Stars often find headaches and unease during their rise to fame, but some notable names have also managed to discover unrest even in death — with controversy surrounding burial sites and memorials.
1. Elliott Smith
When Elliott Smith died in 2003, fans set up an impromptu memorial outside Sound Solutions studio in Los Angeles. The mural outside the studio had been the backdrop to the cover of Smith’s album Figure 8, and after the singer-songwriter’s death the wall essentially became the “Elliott Smith wall,” adorned with gifts and messages to the late singer. The wall has been the subject of a tug-of-war both in the Silverlake community where the mural is located and within Elliott’s devoted fanbase over how the musician will be remembered and who, exactly, is responsible for maintaining the public memorial that is on private property.
The messages on the wall have been painted over several times causing discord in the fan community from those who would have liked the tributes to stay put. In 2010, former Pink Floyd member Roger Waters plastered his own promotional posters over the mural and was forced to have them removed after vocal outrage from Smith’s fans, and in 2012, an artist collective was criticized by some and praised by others for covertly re-stenciling and adding a likeness of Smith to the mural in the early hours of what would have been the musician’s forty-second birthday.
2. Jim Morrison
The Lizard King was buried in Paris’ Pere Lachaise Cemetery following his death at 27 and in the intervening decades the gravesite has become one of the most visited and iconic memorials in pop culture. It’s such a popular pilgrimage spot that the grave has it’s own gendarme assigned to keep watch over the tourists. Like the Elliott Smith wall, Morrison’s burial site has seen a lot of vandalism – or tributes, depending on how you see it. The grave marker has been stolen at least once, as has a bust of Morrison by the sculptor Mladen Mikulin.
Paris Mojo has put together a visual history of the gravesite here that is definitely worth a look.
3. Princess Diana
The sudden death of Princess Diana in 1997 caused several crisis in the House of Windsor. When she died in a car accident in Paris, there were questions as to whether her funeral should be a public or private event – she had given up her title of “Her Royal Highness” upon her divorce from Prince Charles, but she was still the mother of the future King. The public outpouring of grief following her death practically demanded that the funeral be public. In the end, the funeral was a public, though not a state, occasion, and she was buried on the grounds of her family’s ancestral home at Althorp.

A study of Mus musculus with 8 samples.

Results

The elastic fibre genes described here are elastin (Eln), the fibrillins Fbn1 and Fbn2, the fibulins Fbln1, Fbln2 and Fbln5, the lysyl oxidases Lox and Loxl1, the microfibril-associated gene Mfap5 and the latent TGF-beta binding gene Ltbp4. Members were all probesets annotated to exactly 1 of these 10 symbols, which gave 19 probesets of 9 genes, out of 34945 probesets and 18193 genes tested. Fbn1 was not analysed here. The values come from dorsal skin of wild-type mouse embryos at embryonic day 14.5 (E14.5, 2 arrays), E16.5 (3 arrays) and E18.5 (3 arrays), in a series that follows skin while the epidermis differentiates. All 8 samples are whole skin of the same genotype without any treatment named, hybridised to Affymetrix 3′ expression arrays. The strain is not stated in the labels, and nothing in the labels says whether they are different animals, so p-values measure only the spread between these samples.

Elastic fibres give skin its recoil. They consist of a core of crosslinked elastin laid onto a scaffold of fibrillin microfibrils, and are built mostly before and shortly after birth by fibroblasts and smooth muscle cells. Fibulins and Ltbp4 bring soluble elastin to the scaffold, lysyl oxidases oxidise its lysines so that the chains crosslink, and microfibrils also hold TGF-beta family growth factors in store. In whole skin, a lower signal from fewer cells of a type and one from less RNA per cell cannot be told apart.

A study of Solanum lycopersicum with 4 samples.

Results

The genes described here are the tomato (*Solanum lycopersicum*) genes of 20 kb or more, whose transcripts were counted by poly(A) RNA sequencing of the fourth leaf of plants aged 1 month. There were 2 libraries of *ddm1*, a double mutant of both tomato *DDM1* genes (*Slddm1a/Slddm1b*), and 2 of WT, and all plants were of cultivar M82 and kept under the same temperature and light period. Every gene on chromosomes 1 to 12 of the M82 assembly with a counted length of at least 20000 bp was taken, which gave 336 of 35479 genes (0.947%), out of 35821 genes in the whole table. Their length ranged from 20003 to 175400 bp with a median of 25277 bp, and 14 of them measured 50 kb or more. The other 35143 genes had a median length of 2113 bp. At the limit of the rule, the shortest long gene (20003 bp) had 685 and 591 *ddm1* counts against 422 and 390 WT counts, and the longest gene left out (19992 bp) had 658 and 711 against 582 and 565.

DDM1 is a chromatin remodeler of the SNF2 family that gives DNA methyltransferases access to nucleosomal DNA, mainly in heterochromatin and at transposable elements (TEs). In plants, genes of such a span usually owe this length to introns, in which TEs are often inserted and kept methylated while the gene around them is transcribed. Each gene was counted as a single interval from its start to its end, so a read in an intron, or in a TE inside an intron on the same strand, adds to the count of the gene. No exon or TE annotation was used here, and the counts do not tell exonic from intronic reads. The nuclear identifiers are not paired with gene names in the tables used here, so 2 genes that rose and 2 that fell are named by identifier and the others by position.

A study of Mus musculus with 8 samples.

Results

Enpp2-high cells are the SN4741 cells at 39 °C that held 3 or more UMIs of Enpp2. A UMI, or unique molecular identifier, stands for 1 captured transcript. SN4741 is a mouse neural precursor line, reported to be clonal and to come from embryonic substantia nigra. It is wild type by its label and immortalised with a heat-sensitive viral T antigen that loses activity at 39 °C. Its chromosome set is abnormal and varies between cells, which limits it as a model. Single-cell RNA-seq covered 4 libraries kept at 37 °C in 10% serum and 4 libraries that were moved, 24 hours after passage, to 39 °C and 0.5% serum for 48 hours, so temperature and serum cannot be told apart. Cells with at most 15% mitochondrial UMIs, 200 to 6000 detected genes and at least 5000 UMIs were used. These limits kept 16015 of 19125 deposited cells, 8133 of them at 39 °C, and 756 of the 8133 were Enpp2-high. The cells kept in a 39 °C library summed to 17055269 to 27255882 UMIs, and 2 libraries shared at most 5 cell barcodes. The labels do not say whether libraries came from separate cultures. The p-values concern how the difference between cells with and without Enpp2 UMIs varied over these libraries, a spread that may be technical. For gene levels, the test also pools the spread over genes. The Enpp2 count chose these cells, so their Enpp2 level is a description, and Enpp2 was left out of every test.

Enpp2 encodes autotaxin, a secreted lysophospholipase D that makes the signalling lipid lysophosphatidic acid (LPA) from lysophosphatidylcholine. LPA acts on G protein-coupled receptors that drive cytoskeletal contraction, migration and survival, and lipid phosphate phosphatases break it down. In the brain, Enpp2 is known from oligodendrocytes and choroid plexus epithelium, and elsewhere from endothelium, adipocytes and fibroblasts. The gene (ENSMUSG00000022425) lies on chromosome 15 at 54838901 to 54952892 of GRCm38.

Despite having passed away 18 years ago, there are still squabbles over Diana’s death and her legacy – most recently, her brother has been under fire for allegedly neglecting her gravesite:
4. John Belushi
Actor and SNL legend John Belushi may have died in Los Angeles (the result of an overdose of cocaine and heroin at the age of 33) but he was taken to Martha’s Vineyard to be laid to rest. Belushi owned a home on the Cape Cod island and was a familiar figure around town, but locals worried that overzealous fans would overrun the gravesite much like Jim Morrison’s grave in Paris, and so the comedian’s body was moved to an undisclosed location. Belushi likely now rests in an unmarked grave in the back of Abel’s Hill cemetery in Chilmark, though there are rumors that he could possibly be buried near his parent’s in the Chicago suburbs. Either way, Belushi’s original gravestone still stands near the front of the Martha’s Vineyard cemetery, bearing the memorable epitaph “I may be gone, but Rock and Roll lives on.”
5. Joe Paterno
Paterno spent decades as the beloved coach of the Penn State football team until the Jerry Sandusky scandal cost him his job and tarnished his reputation as one of the winningest coaches in college sports. He succumbed to lung cancer in 2012, just two months after stepping down from the coaching staff.
A statue to Paterno was raised outside of Beaver Stadium back in 2001. When the scandal hit, the site of the statue became a focal point and gathering space for both supporters and critics of Paterno and the Penn State leadership. After Paterno’s death, many called for the removal of the statue, even hiring a plane to fly over carrying a sign that said “Take the statue down or we will.” The university eventually removed the statue, saying that it was an “obstacle to healing” in the community.